Death of the American Dream?
I had big dreams. Not extraordinary dreams. No, I did not want to play for the NBA or become Oprah Winfrey, though that would be nice. My dreams were not small either. I wanted to marry, have children, celebrate the holidays with friends and family, and grow old with dignity.
As a rabbi, I frequently heard people lament: My dreams are not coming true. Life is not unfolding as I had planned.
I never imagined I would be single. I never thought I would get divorced. I never imagined that I wouldn't be able to have a baby or that I would lose my job. I never dreamt that I would lose all my savings and never realize the American Dream.
What happens when our dreams die? What happens when our husband leaves, our child fails, the economy collapses, our parents die?
Can we mourn dreams like we mourn the death of a loved one? Can we expect Kübler-Ross' five stages of grief—denial, anger, bargaining, depression, and finally acceptance—before we begin to dream again? Or will we stop dreaming forever? Will we become hardened and say that life is unfair, death is inevitable, and dreaming is futile?
Maybe you are the person who says, "Everything happens for a reason." You may believe that this is all part of the Master Plan. You may be comforted by the idea that this loss will somehow make you stronger. Or maybe you are not that person. You may carry the pain like heavy luggage for the rest of your life and be comforted in not letting go of it. The pain becomes your identity in the world.
Maybe you will try to blame someone. "Madoff did it... If it wasn't for the president... The doctor misdiagnosed me... If there was a God." You may live your life in that rage, anger, and resentment and feel secure. Or maybe you will live like it was all a bad dream pretending that one day you will wake up from this nightmare.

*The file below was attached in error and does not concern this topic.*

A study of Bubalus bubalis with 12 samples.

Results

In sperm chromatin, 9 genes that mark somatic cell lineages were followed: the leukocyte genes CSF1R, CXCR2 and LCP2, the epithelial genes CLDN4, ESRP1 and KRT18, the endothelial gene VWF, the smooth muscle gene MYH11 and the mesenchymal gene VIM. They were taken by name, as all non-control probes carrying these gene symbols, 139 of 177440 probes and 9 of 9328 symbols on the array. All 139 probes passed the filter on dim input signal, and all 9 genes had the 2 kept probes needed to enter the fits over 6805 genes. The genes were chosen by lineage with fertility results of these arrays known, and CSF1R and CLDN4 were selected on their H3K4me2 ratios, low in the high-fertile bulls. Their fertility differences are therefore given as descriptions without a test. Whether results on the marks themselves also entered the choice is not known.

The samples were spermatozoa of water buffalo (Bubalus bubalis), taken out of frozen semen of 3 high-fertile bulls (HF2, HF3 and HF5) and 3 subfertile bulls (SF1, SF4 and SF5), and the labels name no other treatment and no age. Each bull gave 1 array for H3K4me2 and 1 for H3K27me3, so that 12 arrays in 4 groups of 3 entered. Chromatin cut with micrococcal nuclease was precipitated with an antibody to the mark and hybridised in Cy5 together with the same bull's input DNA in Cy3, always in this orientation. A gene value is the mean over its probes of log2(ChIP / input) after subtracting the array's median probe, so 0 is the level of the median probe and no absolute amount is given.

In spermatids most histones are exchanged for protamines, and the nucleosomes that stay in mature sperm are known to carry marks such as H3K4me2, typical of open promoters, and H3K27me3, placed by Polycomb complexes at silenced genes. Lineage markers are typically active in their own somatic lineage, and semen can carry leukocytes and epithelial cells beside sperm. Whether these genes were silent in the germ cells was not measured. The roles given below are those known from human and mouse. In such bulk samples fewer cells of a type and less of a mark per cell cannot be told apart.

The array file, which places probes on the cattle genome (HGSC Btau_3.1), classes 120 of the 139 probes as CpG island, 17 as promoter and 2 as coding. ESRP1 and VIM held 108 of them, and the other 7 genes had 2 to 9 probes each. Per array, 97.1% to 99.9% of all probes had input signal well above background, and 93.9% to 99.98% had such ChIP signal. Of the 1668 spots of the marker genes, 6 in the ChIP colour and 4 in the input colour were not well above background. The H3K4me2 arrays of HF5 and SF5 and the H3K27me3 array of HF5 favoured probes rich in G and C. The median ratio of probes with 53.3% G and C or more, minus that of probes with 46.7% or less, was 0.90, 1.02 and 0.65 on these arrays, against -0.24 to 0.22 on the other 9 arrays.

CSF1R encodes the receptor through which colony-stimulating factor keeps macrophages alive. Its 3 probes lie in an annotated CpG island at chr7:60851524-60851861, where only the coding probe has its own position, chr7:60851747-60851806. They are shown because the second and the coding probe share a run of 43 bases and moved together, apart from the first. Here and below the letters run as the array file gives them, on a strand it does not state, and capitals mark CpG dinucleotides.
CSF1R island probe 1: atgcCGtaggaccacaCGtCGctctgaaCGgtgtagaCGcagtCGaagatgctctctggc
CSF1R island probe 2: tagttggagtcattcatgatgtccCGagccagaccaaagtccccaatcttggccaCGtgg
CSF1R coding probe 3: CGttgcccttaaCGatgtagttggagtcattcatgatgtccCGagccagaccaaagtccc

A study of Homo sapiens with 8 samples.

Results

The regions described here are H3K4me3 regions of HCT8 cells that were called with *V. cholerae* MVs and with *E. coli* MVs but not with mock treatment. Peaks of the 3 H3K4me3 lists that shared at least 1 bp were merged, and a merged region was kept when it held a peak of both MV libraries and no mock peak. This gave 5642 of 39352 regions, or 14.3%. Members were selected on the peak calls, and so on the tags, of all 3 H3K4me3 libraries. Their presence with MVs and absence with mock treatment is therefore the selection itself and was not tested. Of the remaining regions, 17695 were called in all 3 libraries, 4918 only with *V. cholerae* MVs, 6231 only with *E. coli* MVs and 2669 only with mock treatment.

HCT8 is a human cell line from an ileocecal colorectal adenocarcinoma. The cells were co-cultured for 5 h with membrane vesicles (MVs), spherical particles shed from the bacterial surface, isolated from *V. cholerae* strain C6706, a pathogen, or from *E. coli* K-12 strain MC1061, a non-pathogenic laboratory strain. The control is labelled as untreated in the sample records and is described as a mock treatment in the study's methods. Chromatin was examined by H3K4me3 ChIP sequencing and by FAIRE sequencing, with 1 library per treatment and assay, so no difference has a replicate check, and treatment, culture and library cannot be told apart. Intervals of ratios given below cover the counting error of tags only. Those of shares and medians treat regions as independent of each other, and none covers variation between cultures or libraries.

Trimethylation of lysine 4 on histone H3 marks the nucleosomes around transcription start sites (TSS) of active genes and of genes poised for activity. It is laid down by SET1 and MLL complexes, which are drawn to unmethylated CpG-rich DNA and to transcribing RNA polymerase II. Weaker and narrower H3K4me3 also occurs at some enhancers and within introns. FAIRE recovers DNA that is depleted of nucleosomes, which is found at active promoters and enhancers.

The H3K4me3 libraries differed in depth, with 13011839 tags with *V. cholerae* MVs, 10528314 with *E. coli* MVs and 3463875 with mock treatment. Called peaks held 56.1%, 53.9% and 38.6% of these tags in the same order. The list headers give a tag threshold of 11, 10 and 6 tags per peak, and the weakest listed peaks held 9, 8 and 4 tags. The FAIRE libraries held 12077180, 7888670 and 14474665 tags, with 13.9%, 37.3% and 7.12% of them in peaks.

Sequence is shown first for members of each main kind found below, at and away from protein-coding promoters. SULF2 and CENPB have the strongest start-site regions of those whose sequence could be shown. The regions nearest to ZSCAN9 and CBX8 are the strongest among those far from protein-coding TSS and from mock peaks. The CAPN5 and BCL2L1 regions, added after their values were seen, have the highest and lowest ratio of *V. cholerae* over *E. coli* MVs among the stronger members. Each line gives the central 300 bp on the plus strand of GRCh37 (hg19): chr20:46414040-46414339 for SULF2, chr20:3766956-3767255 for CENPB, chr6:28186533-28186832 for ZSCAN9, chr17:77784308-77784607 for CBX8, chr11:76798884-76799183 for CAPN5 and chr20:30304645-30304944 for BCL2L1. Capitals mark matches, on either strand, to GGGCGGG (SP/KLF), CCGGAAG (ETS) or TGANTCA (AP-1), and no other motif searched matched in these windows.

When your dream dies, how will you respond? My grandmother danced at my wedding. I always assumed that my mother would be there on my daughter's big day. When my mother was diagnosed with cancer and died a few months later, my dream died too.
I could have pointed fingers or blamed it on a nightmare. I could have become complacent and accepted that this was the plan. I could have become the victim. But I knew that would not bring my mother back. I decided to use my experience to better the lives of others. Instead of saying, "Why me?" I said, "What now?"
I decided to use my experience to better the lives of others. Instead of saying, "Why me?" I said, "What now?"
I found people who could relate. I found people who had loved and lost. I found people who were simply confused. I found people who had completely given up. No one would have voluntarily joined this club of pain. But by sharing our struggles, we realized we were not alone. We eventually discovered that no matter how devastating our losses, we would not be destroyed.
In this past year, whether you have lost your business, your love, or your ability to dream, I invite you in this New Year to share your loss with others. If you do, you will find meaning. You will find hope. You will live. You just might reawaken their dreams or even one of your own, and one day when you least expect it, you will dream big again.